Investors went hungry in August, denied by Jerome Powell’s Federal Reserve of opportunities to profit like no other month in four decades.


From stocks to bonds and commodities, every major asset slid. The least-atrocious return was a 1.9% loss as shown in a Bloomberg index tracking high-yield corporate bonds. Worse was a 2.2% drop in Treasuries, a 3.9% decline in commodities and a 4.2% slide in the S&P 500.


Rarely has advice not to fight the Fed borne out more severely. The last time the best-performing asset did worse in a month was December 1981.


“The only way to make money in an absolute sense is cash or shorting something,” said James Athey, investment director at Aberdeen Asset Management. “The forward growth outlook is deteriorating. Risk assets are still nowhere near appropriately priced for such an environment and I expect weakness to continue.”


It’s a payback from the summer rally where hopes for a friendly central bank helped add roughly $4 trillion to equity and bond values in July. With Fed Chair Powell pushing back on a pivot and stressing the need to fight inflation even at the expense of growth, bulls suffocated. Rather than benefiting from a Fed put, they’re coping with policy makers who may well want risk assets to decline.


Of course, individual assets have experienced worse pain in numerous periods lately. The pullback in the S&P 500, for instance, pales in comparison with the 13% plunge it endured during the pandemic crash in March 2020. And as dreadful as things look, American assets are still viewed as a better alternative than the rest of the world, as evidenced by the dollar’s advance against a basket of currencies.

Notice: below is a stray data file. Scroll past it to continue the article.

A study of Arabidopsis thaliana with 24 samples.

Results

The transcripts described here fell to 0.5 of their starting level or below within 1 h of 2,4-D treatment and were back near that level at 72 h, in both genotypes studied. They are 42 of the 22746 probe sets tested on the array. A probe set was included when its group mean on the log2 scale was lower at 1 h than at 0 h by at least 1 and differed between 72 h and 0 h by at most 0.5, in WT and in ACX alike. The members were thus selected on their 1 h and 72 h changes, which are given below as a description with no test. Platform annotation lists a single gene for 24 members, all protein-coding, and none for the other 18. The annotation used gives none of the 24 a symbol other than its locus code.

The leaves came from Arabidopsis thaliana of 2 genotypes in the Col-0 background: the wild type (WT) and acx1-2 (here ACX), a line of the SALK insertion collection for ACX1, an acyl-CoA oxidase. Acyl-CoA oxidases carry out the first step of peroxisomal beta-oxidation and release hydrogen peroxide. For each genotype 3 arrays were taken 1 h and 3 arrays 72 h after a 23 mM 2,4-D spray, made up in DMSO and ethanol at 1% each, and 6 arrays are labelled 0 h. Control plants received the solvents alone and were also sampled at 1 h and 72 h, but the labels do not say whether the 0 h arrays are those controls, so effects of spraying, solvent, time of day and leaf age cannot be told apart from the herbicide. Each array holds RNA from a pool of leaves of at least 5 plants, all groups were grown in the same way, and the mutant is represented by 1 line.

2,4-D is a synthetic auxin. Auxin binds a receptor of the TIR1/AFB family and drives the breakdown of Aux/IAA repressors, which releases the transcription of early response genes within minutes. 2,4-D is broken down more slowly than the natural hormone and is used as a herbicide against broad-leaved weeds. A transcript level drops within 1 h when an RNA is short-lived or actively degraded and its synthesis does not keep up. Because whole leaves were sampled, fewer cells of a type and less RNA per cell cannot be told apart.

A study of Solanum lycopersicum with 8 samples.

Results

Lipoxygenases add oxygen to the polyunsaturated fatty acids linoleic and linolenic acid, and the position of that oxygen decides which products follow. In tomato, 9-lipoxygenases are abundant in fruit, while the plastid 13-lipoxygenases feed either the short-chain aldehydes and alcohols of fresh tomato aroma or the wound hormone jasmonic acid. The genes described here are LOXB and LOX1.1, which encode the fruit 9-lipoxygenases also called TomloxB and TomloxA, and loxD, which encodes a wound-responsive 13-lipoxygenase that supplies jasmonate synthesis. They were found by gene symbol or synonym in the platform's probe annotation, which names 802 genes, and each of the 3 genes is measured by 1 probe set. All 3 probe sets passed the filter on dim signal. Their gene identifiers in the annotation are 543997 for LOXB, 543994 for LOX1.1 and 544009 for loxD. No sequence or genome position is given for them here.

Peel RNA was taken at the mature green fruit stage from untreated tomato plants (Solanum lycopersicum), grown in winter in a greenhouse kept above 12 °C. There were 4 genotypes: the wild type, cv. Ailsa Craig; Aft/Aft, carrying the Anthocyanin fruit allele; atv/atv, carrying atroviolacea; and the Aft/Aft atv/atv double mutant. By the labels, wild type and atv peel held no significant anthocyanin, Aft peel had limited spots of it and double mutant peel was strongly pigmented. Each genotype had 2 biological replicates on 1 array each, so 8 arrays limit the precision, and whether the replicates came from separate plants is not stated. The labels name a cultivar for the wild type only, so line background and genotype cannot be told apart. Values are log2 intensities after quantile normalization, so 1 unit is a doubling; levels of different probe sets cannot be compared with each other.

But viewed as a whole, this month was a futile one for anyone seeking shelter during the global storm.


Every market is being driven the path of Fed policy and its impact on the economy. Linkage among assets has strengthened, forcing every investor to become a macro trader. A measure of cross-asset correlation tracked by Barclays Plc sat near the highest levels of the past 17 years.


There is “no place to hide, with fears of tightening liquidity driving a surge in cross-asset correlation,” said Emmanuel Cau, head of European equity strategy at Barclays. “Tape is fragile with fluid gas situation in Europe, mixed inflation data, weaker data in all regions including China and no central banks’ put strike in sight.”


Stocks retreated in August after their best July in eight decades. The S&P 500’s failure to break above its 200-day moving average emboldened bears, but it was Powell’s remarks at the Kansas City Fed’s annual policy forum that sent equity bulls scrambling for cover. Bringing down prices “is likely to require a sustained period of below-trend growth” and an increase in unemployment, the Fed chair said.